Not sure if this is the kind of blogging we are doing on this site … but I had kind of a visceral reaction to Scheinfeld’s “Toward a Third Way: Rethinking Academic Employment” AND since I have trouble with blog-writing motivation I thought I’d channel some of my fiery reaction here.
Scheinfeldt raises an important point: the work done by digital humanists doesn’t fit with current models of academic employment. In particular, he is concerned with tenure – that most lauded, most prestigious form of academic employment. So, he asks: what are we (in the digital humanities) to do?
Instead of exploring the potentially democratizing effects of work in the digital humanities (the potential for de-commodification of knowledge, creating space for more people to access and produce/contribute to knowledge) he essentially argues that we need to surrender DH work to the market. He says he cringes when he realizes this is what he is arguing, but he argues it anyway. If only we could get rid of the conservative, stuffy job security tenure provides we could create an environment where those who excel at digital humanities work will rise to the top and convince everyone of their value. REALLY??
Scheinfeldt identifies real problems with tenure that really do need to be addressed, namely that the expectations for work which help you to achieve tenure are outdated, and that tenured positions are disappearing. He says – most Americans (“the 99%”) don’t have job security but are probably able to keep their jobs if they are good at them – why should academics think they’re special? This is soooo not the point. EVERYONE should have job security, and the University is one of those public institutions where a high degree of job security once existed. This makes it an important site of the struggle to defend job security as privatization and marketization encroach on all sorts of public institutions. To surrender to these forces would be a disservice to workers everywhere (not an act of solidarity, as Scheinfeldt perversely suggests). In the true style of a “third way“, he uses language familiar to the left (rejecting hierarchies! smashing conservatism!) while making fundamentally right-wing arguments.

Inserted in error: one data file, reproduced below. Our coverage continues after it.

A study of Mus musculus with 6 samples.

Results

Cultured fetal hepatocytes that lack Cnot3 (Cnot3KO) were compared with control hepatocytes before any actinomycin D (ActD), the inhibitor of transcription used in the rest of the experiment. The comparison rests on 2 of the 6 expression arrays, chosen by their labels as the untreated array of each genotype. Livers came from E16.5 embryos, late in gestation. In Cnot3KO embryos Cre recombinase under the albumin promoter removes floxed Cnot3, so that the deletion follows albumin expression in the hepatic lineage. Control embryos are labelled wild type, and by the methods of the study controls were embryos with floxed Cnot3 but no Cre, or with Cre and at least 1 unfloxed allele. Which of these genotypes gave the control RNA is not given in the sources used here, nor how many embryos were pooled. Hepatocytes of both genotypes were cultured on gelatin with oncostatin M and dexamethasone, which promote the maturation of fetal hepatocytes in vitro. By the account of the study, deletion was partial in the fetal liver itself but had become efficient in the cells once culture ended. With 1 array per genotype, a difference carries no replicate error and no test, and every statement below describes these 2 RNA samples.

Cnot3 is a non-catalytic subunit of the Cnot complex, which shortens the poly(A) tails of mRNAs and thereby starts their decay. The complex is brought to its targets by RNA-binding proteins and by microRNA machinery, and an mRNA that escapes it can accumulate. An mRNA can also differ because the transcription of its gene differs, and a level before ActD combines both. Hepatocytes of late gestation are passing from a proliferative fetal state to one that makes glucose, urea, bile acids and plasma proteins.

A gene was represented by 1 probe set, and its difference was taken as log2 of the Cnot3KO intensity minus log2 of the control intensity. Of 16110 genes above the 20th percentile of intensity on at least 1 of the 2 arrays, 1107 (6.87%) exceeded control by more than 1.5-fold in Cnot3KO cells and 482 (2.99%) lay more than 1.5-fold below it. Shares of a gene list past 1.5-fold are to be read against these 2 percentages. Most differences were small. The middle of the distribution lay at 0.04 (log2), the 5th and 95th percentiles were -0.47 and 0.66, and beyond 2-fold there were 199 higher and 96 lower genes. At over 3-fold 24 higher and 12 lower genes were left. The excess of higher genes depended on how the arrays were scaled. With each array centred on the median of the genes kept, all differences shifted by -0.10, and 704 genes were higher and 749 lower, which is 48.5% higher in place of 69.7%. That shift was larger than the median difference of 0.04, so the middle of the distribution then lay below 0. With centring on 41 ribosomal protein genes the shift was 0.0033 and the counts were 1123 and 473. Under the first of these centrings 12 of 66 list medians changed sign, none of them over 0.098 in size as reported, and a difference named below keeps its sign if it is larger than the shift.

There are, of course, important problems with the fact that only an elite crew of University workers get the type of job security that tenured faculty get. So the task should be to get that job security for everyone – to insist that DH “work” AND “scholarship” be paid on par with other faculty, to refuse to let universities rely on poorly paid insecure adjuncts (who Scheinfeldt is quick to distance himself from), to reject grant-to-grant funding models which infringe on the ability of workers to dictate the direction of their work. The production of knowledge suffers when it is surrendered to the market. And the “prestige” and “value” of DH work won’t come from convincing higher-ups to change their minds, it will come from winning demands for equal pay. Librarians don’t feel “depressed and embarrassed” because their positions are not prestigious, they feel that way because they are undervalued in pay (which also explains why their positions are not considered prestigious in case that is, in fact, felt to be the root of the problem). Just because the jobs of many prestigious Americans (Scheinfeldt cites lawyers) are vulnerable to losses suffered by the firm doesn’t mean theirs or anyone else’s should be. By this logic, we should all be joining the race to the lowest common denominator: no job security, and instead trying to work “creatively” with the scraps we are thrown (which Scheinfeldt insists we can and should do by trying to make grant-based funding, an inherently insecure form of funding, work for creating “relative” security. No thanks!).
Scheinfeldt characterizes the desire many have for tenure as an issue of people with PhD’s “flattering [their] biases and self-image.” I say it is much more complicated than this and has much more to do with a concern for material well-being (hello, we have debts!)(and so does everyone else!). Perhaps inadvertently, Scheinfeldt provides us with a great example of the potentially dangerous role DH could play in accelerating and intensifying the neoliberalization of Universities. I think we need to insist on imagining other ways to do things.